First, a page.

UNFAIR LABOR PRACTICES ULP – Unfair Labor Practice SPP – State Prohibited Practice MPP – Municipal Prohibited Practice Call it what you want, just know what it is.
Prohibited Practices are the result of Management or the Union violating a Statutory obligation
FORUM State Board of Labor Relations National Labor Relations Board Arbitration
EMPLOYERS OR THEIR REPRESENTATIVES OR AGENTS ARE PROHIBITED FROM (1) Interfering with, restraining or coercing employees in the exercise of their rights under the Law; (2) dominating or interfering with the formation, existence or administration of any employee organization;
EMPLOYERS OR THEIR REPRESENTATIVES OR AGENTS ARE PROHIBITED FROM (3) discriminating in regard to hiring or tenure of employment or any term or condition of employment to encourage or discourage membership in any employee organization; (4) discharging or otherwise discriminating against an employee because he has signed or filed any affidavit, petition or complaint or given any information or testimony before the Board;
EMPLOYERS OR THEIR REPRESENTATIVES OR AGENTS ARE PROHIBITED FROM (5) refusing to bargain collectively in good faith with an employee organization which has been designated in accordance with the provisions of said sections as the exclusive representative of employees in an appropriate unit; including but not limited to refusing to discuss grievances with such exclusive representative;
All the steps matter, weakness in any of them is fatal to the outcome.
WHEN WE WORK TOGETHER THERE ARE NO WEAK LINKS!! WHAT ARE OUR ROLES?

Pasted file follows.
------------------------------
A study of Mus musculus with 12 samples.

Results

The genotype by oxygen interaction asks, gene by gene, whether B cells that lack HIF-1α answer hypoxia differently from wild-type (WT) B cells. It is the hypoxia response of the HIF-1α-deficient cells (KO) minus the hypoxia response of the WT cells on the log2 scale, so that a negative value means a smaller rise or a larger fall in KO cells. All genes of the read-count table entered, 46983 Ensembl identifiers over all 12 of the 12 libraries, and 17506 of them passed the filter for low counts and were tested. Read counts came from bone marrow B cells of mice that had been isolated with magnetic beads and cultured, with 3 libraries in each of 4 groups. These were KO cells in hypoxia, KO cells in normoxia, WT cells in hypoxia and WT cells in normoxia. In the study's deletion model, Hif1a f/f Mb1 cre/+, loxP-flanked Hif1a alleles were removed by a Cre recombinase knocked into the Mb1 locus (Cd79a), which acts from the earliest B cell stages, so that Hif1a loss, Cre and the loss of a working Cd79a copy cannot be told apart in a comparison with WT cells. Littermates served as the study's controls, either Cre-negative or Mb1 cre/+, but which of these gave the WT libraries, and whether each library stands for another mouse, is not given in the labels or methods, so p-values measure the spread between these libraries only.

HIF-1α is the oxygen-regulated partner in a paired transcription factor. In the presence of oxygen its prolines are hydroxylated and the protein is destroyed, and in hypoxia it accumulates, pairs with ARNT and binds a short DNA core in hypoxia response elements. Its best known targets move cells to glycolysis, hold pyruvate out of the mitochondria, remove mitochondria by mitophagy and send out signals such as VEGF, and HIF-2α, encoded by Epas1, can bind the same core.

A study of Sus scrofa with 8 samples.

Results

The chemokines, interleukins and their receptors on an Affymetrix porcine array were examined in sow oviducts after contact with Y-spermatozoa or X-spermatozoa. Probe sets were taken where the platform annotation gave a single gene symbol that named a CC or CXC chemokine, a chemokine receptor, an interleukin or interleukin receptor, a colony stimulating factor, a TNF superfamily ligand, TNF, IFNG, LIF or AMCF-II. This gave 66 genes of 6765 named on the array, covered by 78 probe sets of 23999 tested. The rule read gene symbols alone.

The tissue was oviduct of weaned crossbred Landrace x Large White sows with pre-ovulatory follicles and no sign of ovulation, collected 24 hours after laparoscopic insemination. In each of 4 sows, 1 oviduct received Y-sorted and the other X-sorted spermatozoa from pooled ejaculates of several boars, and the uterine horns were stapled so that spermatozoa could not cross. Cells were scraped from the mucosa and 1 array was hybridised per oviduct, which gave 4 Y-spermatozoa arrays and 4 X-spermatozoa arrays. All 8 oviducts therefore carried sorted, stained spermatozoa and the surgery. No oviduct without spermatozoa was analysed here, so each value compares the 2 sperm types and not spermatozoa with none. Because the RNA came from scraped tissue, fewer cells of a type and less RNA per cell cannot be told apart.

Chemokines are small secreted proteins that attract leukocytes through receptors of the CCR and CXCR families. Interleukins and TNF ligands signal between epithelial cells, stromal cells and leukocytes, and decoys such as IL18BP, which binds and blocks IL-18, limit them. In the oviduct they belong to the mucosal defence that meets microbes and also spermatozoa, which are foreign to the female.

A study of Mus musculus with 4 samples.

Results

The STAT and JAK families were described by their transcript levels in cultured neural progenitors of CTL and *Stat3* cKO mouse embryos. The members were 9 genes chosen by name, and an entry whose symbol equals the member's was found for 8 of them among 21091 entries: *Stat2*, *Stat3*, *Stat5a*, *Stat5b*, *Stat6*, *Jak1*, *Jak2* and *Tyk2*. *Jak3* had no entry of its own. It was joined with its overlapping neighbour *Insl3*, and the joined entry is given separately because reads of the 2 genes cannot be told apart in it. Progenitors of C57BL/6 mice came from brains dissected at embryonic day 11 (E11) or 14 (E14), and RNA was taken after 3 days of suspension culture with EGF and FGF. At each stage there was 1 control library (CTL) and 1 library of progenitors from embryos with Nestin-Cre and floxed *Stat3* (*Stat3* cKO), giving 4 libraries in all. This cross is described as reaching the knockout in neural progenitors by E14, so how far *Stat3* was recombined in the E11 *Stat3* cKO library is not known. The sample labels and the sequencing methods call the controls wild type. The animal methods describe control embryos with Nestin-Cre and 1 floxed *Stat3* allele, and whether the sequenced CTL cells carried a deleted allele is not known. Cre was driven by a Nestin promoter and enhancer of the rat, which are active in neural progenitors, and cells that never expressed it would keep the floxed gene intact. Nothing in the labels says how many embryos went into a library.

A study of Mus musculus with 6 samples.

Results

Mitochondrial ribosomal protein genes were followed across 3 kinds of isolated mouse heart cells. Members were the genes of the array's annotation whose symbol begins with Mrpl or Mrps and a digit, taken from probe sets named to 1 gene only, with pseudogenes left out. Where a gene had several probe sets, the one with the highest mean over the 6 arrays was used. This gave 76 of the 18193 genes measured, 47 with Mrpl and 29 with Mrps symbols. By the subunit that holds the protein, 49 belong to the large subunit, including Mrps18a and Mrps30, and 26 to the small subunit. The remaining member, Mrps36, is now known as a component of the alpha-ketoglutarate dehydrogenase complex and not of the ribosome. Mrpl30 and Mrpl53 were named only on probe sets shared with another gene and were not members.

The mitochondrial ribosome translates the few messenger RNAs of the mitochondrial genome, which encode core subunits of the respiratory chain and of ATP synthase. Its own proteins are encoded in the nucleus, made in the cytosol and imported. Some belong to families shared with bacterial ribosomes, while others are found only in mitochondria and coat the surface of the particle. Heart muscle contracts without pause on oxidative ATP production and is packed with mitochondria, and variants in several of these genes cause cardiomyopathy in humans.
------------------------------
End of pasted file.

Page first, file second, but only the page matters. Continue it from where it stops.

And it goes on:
THE NUTS AND BOLTS Time lines Grievance v. Prohibited Practice One, the other, or both
EMPLOYEE ORGANIZATIONS OR THEIR AGENTS ARE PROHIBITED FROM (1) Restraining or coercing employees in the exercise of the rights guaranteed under the Law; (2) restraining or coercing an employer in the selection of his representative for purposes of collective bargaining or the adjustment of grievances; (3) refusing to bargain collectively in good faith, with an employer, if it has been designated in accordance with the Law, as the exclusive representative of employees in an appropriate unit;
EMPLOYEE ORGANIZATIONS OR THEIR AGENTS ARE PROHIBITED FROM (4) breaching their duty of fair representation; (5) violating any of the rules and regulations established by the board regulating the conduct of representation elections; or
DUTY OF FAIR REPRESENTATION When an allegation is made that a union has not fairly represented employees in handling grievances, the following standards provide guidance in determining whether an unfair labor practice has occurred: 1) an individual employee does not have the absolute right to have his or her grievance taken to arbitration, 2) a union may not arbitrarily ignore a meritorious grievance or process it in perfunctory fashion, 3) a union must engage in more than mere negligence to violate its duty of fair representation.
DUTY OF FAIR REPRESENTATION A union’s grievance handling is lawful where, in denying a grievance, established procedures are followed and these procedures fall within the wide range of reasonableness afforded a union representative. The union’s duty of fair representation does not require it to process a frivolous appeal, and a union need not process an employee’s grievance if the chances for success are slight. The duty of fair representation also does not prevent a union from settling a grievance prior to arbitration on terms not satisfactory to the employee. Further, in generally assessing a union’s duty of fair representation, it is recognized that union discretion is essential to the proper functioning of the collective bargaining system.
DIFFERENTIATING POOR, WEAK, AND STRONG CASES The strength of the union depends on its reputation. Strong and well documented cases bolster that reputation. Good cases may be weak because they need lots of work documenting them, however, poor cases cannot be documented…understand the difference.